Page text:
Karnan movie review: This film is also cinematically wonderful. Theni Eswar's cinematography mythologizes the struggles of villagers and their saviour Karnan.
Karnan movie cast: Dhanush, Lal, Rajisha Vijayan
Karnan movie director: Mari Selvaraj
Karnan movie ratings: 5 stars
Karnan opens with a scene of a girl who is not more than 10, suffering a fatal seizure in the middle of a road. Nobody comes to her rescue and she stops moving after a while. As she lies there quietly, you can see an oncoming bus, whose driver seems to be unaware of the girl lying on the road, or so you think. And you know in a bit she will directly come under the wheels of the bus. You watch the scene with horror as it finally happens. The bus runs over her, and then another. It happens over and over again as no one stops to help the little girl. The girl on the main road is a metaphor. Like a street dog, she is left alone on the road as if her young life has no value. The heavy emotions that the opening scene evokes in you will only grow stronger as you come to see how a community of people are dehumanised.
It is pointless to discuss the plot of Karnan. It is unfair to measure this film in terms of story and whether you agree with the logic of the narration. This film needs to be experienced emotionally and visually. It is an approximation of generations of sufferings of people, who have been subjected to unspeakable atrocities owing to where they belong in the caste hierarchy. For example, standing up for one’s self-respect is suicidal. Demanding basic human rights is akin to asking for death for an entire village.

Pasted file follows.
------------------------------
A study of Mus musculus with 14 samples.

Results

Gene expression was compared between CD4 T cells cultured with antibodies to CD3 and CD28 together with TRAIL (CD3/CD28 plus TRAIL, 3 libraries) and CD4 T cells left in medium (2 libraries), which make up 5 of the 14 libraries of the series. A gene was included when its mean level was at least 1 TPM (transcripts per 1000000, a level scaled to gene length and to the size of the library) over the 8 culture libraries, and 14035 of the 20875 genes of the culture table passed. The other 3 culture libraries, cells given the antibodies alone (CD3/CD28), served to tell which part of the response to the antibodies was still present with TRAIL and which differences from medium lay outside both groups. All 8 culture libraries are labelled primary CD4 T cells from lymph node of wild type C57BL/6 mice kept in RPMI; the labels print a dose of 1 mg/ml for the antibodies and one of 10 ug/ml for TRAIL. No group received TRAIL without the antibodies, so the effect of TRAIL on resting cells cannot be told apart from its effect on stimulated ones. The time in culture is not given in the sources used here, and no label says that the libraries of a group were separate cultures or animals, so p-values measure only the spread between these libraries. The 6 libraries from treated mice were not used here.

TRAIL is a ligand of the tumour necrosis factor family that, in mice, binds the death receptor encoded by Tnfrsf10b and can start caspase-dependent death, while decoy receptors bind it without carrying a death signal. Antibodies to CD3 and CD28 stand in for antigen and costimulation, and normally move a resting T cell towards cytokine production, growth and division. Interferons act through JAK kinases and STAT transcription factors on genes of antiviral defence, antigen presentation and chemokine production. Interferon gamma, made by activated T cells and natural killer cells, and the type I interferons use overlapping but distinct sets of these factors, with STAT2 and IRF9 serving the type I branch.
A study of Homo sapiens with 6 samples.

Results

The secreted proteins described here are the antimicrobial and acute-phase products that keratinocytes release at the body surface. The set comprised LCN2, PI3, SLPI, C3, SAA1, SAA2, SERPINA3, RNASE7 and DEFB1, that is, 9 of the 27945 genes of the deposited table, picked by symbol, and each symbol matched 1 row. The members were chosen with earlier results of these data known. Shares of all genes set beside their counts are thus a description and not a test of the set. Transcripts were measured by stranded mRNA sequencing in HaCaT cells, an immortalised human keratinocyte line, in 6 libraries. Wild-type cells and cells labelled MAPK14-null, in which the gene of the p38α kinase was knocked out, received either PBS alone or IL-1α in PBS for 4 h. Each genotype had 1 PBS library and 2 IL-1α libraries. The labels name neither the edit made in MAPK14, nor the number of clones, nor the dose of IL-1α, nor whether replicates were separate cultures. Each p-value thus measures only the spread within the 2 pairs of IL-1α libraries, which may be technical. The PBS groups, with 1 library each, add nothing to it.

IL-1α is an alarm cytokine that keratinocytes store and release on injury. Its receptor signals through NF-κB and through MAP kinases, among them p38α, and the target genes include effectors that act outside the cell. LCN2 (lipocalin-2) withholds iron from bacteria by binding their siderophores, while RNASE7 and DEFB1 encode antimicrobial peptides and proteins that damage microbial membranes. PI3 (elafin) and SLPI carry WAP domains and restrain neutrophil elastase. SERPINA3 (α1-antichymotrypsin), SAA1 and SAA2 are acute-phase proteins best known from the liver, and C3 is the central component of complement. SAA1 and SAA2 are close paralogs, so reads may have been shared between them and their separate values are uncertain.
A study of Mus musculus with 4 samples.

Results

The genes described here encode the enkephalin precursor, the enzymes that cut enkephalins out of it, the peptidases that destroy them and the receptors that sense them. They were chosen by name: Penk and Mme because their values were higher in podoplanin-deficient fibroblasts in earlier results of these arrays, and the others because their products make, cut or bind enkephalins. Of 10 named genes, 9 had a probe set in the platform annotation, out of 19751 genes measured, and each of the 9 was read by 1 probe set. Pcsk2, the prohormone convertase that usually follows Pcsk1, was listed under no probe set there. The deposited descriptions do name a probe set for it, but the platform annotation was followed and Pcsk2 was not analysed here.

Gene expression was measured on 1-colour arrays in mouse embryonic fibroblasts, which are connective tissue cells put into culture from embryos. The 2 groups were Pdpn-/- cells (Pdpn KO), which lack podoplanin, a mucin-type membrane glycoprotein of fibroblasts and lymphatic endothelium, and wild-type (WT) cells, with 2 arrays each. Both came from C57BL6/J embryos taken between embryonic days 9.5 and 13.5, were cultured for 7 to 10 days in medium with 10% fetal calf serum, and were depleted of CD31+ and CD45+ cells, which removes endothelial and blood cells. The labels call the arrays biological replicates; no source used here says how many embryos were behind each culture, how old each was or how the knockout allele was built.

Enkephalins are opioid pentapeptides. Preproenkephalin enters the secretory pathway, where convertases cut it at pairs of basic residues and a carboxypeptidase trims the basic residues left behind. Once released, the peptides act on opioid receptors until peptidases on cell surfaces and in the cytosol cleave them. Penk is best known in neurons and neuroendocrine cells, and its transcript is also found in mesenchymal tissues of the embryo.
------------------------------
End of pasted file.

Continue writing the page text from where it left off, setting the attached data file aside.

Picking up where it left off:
A high-level cop bays for the blood simply because his pride was hurt when the village head refuses to remove the towel around his head. He also did not like the fact that the men in the village did not bow in front of him and looked him in the eye. He is not worried about vandalism committed by the villagers. He would have let it slide, only if the villagers prostrated themselves before him. We read and watch news about caste-based violence and move on with our comfortable lives. But, Karnan will not allow you to do that. This film will pull you in and make you experience what a heavily persecuted community goes through. It is even hard to imagine that people in real life endured and still endure such tragedies not very far from us.
Director Mari Selvaraj’s Karnan is a revolutionary, unlike Pariyerum Perumal, he doesn’t take insults lying down. Karnan is fearless and he hits back when needed much to our satisfaction. We see Dhanush’s Karnan bursting in a fit of rage and attacking public property. But, you don’t feel anger at him for destroying properties funded by taxpayers. Instead, you understand his rage and see the meaninglessness of the existence of such properties, which actually doesn’t help the needy. What they do is they add more pomp to an already inflated pride of people in power, giving them a superiority complex to mistreat the less privileged.
Karnan is also cinematically wonderful. Theni Eswar’s cinematography mythologizes the struggles of villagers and their saviour Karnan. The film has many wonderful images that will have a profound impact on you. And Santhosh Narayanan’s score, especially the picturization of Kandaa Vara Sollunga, is a beauty to behold.
Dhanush leaves behind his stardom and has embraced the unglamorous features of his character with a lot of conviction. He has delivered a realized performance as an angry young man, who can no longer sacrifice his self-respect simply to stay alive. Lal, Rajisha Vijayan, Lakshmi Priyaa Chandramouli, Yogi Babu, Gouri G. Kishan, all young children, all old people, module dogs, the horse and even a donkey will make an impression on you.